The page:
Winston-Salem removes Confederate statue from old courthouse

Free Press wire reports | 3/15/2019, 6 a.m.
The city of Winston-Salem, N.C., removed a Confederate statue Tuesday from the grounds of an old courthouse, drawing applause from ...
Workers make final preparations before removing a statue of a Confederate soldier from its base in Winston-Salem, N.C., on Tuesday. The statue is to be placed in a historic cemetery. Skip Foreman/Associated Press


The city of Winston-Salem, N.C., removed a Confederate statue Tuesday from the grounds of an old courthouse, drawing applause from onlookers for the rare move in a state where such monuments are largely protected by law.

Construction crews in Winston-Salem spent more than an hour Tuesday morning attaching a harness and a cage-like metal frame to the statue of an anonymous soldier, then hoisted it from atop its pedestal with a large crane.

A small group of people watching clapped and cheered as the statue was taken down and placed on a flatbed truck. The column and base were then dismantled and removed piece by piece, with workers finishing up in the afternoon.

Winston-Salem Mayor Allen Joines said the statue temporarily will be put in storage before it is eventually moved to historic Salem Cemetery. He said he didn’t have an estimate for the cost of the city-funded removal.

“We realize that there are very strong feelings on both sides of this issue, so what we’ve tried to do is devise a solution that recognizes both sides,” Mayor Joines said in an interview.

He described the cemetery as “a very dignified and appropriate location for the statue.”

Wearing a cap and jacket with Confederate emblems, Howard Snow watched the workers’ progress throughout the morning, occasionally snapping pictures with his cellphone from a sidewalk. He said the removal was a waste of taxpayer money and an overall “travesty.”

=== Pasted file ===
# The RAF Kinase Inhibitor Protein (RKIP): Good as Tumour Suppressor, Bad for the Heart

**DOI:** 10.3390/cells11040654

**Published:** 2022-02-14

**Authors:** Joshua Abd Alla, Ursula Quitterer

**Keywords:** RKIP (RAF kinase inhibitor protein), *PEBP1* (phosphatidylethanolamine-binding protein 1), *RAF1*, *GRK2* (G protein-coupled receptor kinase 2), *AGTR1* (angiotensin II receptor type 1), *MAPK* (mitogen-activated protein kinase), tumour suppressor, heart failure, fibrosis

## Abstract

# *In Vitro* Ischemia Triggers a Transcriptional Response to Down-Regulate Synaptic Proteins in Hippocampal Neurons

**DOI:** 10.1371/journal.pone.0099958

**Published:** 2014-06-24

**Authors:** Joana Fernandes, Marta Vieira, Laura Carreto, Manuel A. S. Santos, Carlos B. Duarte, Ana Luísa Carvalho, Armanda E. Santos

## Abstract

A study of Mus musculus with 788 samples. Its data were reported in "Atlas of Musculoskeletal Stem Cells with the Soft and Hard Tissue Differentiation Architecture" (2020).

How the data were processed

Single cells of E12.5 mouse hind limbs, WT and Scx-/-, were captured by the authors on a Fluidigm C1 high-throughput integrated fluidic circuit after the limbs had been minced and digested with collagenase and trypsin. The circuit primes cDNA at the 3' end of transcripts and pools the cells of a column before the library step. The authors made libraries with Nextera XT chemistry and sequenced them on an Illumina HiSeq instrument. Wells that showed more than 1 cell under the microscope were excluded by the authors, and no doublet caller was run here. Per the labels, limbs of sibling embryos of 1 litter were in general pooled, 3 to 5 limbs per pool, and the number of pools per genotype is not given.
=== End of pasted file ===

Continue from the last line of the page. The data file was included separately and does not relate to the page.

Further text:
“I don’t see where it’s a nuisance or a bother to anybody,” said Mr. Snow, 62. “It’s been there 114 years and you’re going to tell me in one year all of a sudden it’s a problem? No, it’s not.”

But Chris Lutz, who blew on a vuvuzela horn as the statue came down, said he was pleased the city had made good on weeks of planning to relocate the statue. Protesters have decried the statue and other Confederate monuments as racist symbols.

“I’m excited that it’s down,” said Mr. Lutz, 27. “I thought it was going to be much longer, much more arduous.”

Winston-Salem had more leeway than most North Carolina cities because the old courthouse property had passed into private hands. A 2015 North Carolina law all but prohibits the permanent removal of Confederate statues from public land. More than 90 Confederate monuments stand in public places other than cemeteries around the state.

In January, a judge denied a request by the United Daughters of The Confederacy to prevent the removal of the Winston-Salem statue from the grounds of the building that now houses apartments.

The approximately 30-foot high monument includes a granite statue atop a base and column and was dedicated in 1905. It depicts an anonymous soldier in a Confederate uniform resting his rifle stock against the ground.

North Carolina has been at the forefront of the debate over what to do with Confederate monuments as one of three southern states with the most statues, according to the Southern Poverty Law Center. A tally shows Confederate monuments are located at contemporary or historic courthouses in about half of North Carolina’s counties.